Protection of Conscience Project
Protection of Conscience Project
www.consciencelaws.org
Service, not Servitude

Service, not Servitude

Canada

College of Physicians and Surgeons of New Brunswick

Policies relevant to freedom of conscience

Links and annotations

Full TextCMA Code of Ethics and Professionalism
 
Full TextComment: Moral Objections  (November, 2002)
Project Annotations

In a 2001 bulletin, the Council noted  "that no physician is obligated to participate in a treatment or process to which they morally object" and sought feedback about appropriate guidelines for situations in which physicians have moral or ethical objections to a service or procedure wanted by a patient.  The statement above was issued the next year.

The identification of referral as a "preferred" but not a "required" practice is not necessarily problematic.  It prompts objecting physicians to consider, in each case, whether or not referral is a morally acceptable option, thus providing them with the opportunity to refine and better articulate their ethical reasoning.


Full TextMoral Factors and Medical Care
April, 2012: Amended June, 2017
Project Annotations

This guideline was adopted in 2012, "based on an inititiative" by the College of Physicians and Surgeons of Alberta.  It recognizes a key distinction between providing information and providing or facilitating a morally contested service or procedure.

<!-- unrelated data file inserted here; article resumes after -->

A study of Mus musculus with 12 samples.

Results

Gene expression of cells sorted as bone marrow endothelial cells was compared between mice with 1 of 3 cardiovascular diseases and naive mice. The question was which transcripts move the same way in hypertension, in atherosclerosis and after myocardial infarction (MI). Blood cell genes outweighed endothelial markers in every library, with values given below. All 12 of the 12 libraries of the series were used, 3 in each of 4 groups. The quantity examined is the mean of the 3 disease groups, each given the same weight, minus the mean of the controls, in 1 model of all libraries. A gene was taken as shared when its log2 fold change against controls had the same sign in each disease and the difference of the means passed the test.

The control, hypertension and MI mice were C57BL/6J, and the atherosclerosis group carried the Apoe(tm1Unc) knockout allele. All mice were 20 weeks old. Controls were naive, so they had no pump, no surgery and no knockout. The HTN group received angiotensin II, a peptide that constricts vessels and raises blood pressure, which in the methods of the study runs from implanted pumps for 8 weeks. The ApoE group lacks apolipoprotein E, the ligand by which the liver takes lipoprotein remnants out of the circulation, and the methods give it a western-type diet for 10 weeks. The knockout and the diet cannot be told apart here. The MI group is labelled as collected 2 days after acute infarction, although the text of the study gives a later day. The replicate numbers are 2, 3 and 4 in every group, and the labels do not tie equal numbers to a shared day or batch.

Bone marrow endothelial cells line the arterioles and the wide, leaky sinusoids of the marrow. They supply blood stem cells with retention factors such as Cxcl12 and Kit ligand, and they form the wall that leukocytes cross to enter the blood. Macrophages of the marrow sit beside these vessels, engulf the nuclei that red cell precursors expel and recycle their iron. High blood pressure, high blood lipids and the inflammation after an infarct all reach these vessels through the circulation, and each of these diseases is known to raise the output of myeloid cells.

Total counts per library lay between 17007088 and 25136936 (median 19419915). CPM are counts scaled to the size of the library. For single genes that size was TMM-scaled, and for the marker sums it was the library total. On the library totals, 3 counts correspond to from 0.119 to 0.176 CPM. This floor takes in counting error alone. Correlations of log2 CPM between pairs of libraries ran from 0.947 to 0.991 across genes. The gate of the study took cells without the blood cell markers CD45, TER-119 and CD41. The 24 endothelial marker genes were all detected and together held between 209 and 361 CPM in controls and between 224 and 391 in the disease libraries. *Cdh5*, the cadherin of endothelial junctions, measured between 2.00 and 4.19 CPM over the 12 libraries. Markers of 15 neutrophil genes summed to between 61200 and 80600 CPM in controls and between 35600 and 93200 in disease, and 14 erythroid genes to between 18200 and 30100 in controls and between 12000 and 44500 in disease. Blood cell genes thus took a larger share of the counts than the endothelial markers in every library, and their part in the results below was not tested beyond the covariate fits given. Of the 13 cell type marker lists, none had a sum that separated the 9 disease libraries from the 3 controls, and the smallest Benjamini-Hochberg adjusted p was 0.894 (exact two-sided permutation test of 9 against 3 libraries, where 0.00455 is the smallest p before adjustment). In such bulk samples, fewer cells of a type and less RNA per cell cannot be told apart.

i.  Physicians are expected to provide information necessary to satisfy the requirements of informed medical decision making, such as prognosis, the treatments or procedures available, benefits and burdens of treatment, risks, etc.  The point here is to balance the desire of a physician to avoid complicity in a wrongful act with the importance of informed decision-making by the patient, which requires that the patient have all of the information relevant for the purpose of choosing a course of treatment.  It is necessary to respect both the freedom of conscience of the physician and the freedom and right of the patient to make a fully informed choice. 

ii.  Only if a physician is unwilling to provide this information is an offer of "timely access" to another physician or resource required.  The purpose of arranging timely access in this situation is to ensure that the patient has information needed for decision-making.  Offering timely access may be achieved in various ways.